Kayaking 101

Kayaking is one of the best ways to explore the water. Whether you're kayaking rivers or oceans; whitewater or still water, kayaking is the purest way to explore the world's waterways.

There's something intimate about kayaking close to the water. No other form of watercraft makes you feel as unified with the water as a kayak. Those of you who haven't been kayaking before are missing out on one of life's great pleasures. But fear not. The basics of kayaking are well within anyone's grasp. With a few quick kayaking tips and a little practice, you'll know exactly what I mean when I say that there is no watercraft more seductive than a kayak.

Anyone who can canoe can easily make the transition into kayaking. All you have to do is make allowances for the relative instability of kayaks. Here's how:

Don't Paddle Past Your Hip

When you're canoeing, it's easy to get into a grove and start to dig into the water. That method works fine for canoeing, but if you dig into the water while kayaking, you're going to capsize.

When you're kayaking, make sure you never paddle down past your hip. Kayaks are much less stable than canoes. When you push your paddle past your hip while kayaking, you move your center of gravity over the edge of the craft. That's enough to send you into the water if you're not careful.

In order to keep your balance, you have to keep your center of gravity while kayaking.

Keep The Paddle Blade Perpendicular To Your Path

This rule should be familiar to canoe enthusiasts as well. When your paddle blade is perpendicular to your kayaking path, you get maximum power from your strokes. If you angle the paddle out too much, it will skip through the water without giving you any propulsion for your effort.

However, the real problem comes when you angle your blade in too much. When you angle your blade in you pull the paddle under the boat which throws off your center of gravity and puts you at risk of capsizing.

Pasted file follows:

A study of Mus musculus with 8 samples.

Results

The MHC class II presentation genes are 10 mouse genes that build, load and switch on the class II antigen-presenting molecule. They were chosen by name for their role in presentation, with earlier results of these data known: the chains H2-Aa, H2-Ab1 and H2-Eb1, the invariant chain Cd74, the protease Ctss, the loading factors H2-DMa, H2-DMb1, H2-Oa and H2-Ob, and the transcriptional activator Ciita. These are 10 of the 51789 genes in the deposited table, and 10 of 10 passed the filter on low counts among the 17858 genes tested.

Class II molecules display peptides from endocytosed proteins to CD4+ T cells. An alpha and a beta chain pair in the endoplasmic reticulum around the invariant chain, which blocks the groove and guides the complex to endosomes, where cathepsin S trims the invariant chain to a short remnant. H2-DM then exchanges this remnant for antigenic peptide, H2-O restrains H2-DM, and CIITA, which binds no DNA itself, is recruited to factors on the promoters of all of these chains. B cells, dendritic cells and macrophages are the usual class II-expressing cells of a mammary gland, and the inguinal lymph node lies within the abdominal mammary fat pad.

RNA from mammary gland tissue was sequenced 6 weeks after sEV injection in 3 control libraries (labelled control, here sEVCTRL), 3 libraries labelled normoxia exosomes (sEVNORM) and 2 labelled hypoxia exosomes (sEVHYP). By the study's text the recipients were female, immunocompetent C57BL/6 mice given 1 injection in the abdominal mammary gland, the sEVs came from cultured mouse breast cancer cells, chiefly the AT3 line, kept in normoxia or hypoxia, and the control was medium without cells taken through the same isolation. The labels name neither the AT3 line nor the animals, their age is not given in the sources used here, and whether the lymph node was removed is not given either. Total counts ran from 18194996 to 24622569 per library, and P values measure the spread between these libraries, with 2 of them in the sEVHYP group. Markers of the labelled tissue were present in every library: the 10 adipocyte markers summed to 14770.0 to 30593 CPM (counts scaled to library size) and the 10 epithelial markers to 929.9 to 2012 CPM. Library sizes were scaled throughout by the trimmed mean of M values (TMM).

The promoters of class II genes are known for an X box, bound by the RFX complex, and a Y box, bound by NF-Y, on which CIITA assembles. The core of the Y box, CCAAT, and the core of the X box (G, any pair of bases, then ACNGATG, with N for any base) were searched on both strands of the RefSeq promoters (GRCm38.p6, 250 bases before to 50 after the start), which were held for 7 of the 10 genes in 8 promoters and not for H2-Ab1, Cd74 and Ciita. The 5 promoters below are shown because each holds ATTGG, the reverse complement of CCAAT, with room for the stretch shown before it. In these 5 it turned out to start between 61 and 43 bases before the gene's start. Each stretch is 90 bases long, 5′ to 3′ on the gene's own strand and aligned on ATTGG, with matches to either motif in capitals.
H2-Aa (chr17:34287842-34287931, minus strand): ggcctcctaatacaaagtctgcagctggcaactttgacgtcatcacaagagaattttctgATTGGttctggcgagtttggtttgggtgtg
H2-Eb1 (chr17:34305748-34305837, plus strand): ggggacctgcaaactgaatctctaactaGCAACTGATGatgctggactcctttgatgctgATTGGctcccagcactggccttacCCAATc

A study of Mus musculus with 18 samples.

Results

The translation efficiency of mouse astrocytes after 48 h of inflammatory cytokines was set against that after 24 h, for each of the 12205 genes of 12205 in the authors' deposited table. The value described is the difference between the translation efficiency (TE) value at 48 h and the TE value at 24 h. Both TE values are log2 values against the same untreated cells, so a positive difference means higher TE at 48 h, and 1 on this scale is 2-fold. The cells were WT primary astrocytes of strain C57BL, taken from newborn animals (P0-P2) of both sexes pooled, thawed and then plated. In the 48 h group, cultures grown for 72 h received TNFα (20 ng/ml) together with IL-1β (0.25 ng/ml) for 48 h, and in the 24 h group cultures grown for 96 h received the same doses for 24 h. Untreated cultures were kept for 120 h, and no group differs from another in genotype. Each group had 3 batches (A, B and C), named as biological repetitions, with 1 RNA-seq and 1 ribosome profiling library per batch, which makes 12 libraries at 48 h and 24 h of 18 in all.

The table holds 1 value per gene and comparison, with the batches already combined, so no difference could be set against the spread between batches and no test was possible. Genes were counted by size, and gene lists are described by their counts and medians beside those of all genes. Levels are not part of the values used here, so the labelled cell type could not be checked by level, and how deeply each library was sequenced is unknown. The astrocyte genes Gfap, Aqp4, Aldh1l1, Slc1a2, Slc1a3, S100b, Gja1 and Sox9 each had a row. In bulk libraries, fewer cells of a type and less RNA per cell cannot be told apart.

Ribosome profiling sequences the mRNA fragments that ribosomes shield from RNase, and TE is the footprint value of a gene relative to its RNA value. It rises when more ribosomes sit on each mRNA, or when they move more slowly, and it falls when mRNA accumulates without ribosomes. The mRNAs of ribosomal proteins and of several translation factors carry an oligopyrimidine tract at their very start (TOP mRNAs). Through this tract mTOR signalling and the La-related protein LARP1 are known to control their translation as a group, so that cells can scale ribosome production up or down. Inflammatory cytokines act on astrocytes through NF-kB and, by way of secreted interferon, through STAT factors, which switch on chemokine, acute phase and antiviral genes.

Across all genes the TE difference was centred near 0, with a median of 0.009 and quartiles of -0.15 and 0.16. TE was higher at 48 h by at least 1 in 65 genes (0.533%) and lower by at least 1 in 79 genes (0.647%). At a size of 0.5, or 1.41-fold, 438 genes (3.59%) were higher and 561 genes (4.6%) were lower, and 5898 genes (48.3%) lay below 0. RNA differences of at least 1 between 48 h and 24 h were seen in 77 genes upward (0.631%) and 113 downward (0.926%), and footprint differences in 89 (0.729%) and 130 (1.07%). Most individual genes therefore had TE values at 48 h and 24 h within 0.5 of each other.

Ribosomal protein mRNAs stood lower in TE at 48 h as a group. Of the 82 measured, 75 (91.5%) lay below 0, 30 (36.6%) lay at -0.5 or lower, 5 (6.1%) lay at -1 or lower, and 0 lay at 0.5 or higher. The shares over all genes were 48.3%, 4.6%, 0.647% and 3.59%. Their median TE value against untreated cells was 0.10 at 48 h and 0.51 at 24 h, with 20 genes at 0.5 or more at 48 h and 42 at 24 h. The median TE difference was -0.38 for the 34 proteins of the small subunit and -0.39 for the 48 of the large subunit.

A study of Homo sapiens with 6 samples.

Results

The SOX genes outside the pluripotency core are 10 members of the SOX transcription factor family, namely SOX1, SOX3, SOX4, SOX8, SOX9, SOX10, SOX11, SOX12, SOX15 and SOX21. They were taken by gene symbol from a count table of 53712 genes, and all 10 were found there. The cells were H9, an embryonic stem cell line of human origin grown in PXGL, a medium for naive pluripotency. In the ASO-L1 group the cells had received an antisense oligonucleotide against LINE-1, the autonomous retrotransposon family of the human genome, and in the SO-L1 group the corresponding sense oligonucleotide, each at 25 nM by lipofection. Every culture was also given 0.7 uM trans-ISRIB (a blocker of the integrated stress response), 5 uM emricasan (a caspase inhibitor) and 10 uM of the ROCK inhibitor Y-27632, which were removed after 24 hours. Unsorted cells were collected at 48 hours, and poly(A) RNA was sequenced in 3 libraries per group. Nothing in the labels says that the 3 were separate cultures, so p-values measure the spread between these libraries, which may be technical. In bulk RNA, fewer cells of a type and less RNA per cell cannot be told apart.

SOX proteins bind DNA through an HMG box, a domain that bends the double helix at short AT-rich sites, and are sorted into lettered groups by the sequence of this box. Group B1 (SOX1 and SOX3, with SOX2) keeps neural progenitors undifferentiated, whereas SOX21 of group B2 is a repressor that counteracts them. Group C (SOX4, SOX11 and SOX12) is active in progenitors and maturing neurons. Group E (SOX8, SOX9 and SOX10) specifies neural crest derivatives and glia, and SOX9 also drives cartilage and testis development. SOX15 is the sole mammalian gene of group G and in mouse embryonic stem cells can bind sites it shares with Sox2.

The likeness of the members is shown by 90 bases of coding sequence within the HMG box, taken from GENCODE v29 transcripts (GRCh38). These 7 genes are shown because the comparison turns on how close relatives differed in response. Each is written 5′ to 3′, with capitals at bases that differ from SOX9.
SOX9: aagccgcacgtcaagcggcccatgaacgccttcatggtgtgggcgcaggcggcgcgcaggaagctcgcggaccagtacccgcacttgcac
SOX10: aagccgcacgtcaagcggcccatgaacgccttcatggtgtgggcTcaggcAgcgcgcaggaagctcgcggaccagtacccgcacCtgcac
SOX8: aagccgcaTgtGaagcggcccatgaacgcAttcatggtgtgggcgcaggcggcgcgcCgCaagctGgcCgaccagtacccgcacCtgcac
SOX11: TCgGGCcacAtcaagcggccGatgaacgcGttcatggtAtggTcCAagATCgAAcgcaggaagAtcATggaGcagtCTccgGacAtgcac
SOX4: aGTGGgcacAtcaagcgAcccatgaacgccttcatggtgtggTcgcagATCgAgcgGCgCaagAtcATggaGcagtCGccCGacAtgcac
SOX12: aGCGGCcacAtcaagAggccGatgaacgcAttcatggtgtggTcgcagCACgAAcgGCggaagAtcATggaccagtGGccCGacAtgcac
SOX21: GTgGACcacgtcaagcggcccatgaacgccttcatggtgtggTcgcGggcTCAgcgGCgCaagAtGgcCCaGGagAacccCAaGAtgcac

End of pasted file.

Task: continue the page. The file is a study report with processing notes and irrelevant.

It takes a little practice to perform a perfect stroke every time, but with a little practice it will become second nature.

Getting Out Of The Kayak

At some point, you're going to have to get out of your kayak- no matter how much you may not want to. The way to perform a safe exit depends on the type of kayak you have.

If you have an open kayak, exiting is easy. All you have to do is stand up and walk away. However, those of you who have a closed kayak will need to work a little harder.

To exit a closed kayak you need to maneuver yourself parallel to the shore. Once you're in position, place your paddle behind your back and use one side to steady yourself on the shore. Then slowly stand up using the paddle to keep yourself steady. Once you're standing, you can step out of your kayak and walk away.

Kayaking is one of the best water sports available. For people who are used to canoeing, the transition to kayaking can be an easy one. The main difference between canoeing and kayaking is that when you're kayaking, you need to be aware of your center of gravity. Balance is the key to successful kayaking.

The basics of kayaking are easy to master. With a little practice you'll be able to make the transition from canoeing to kayaking a smooth one. Trust me; the time you spend perfecting your kayaking skills will be well worth the effort.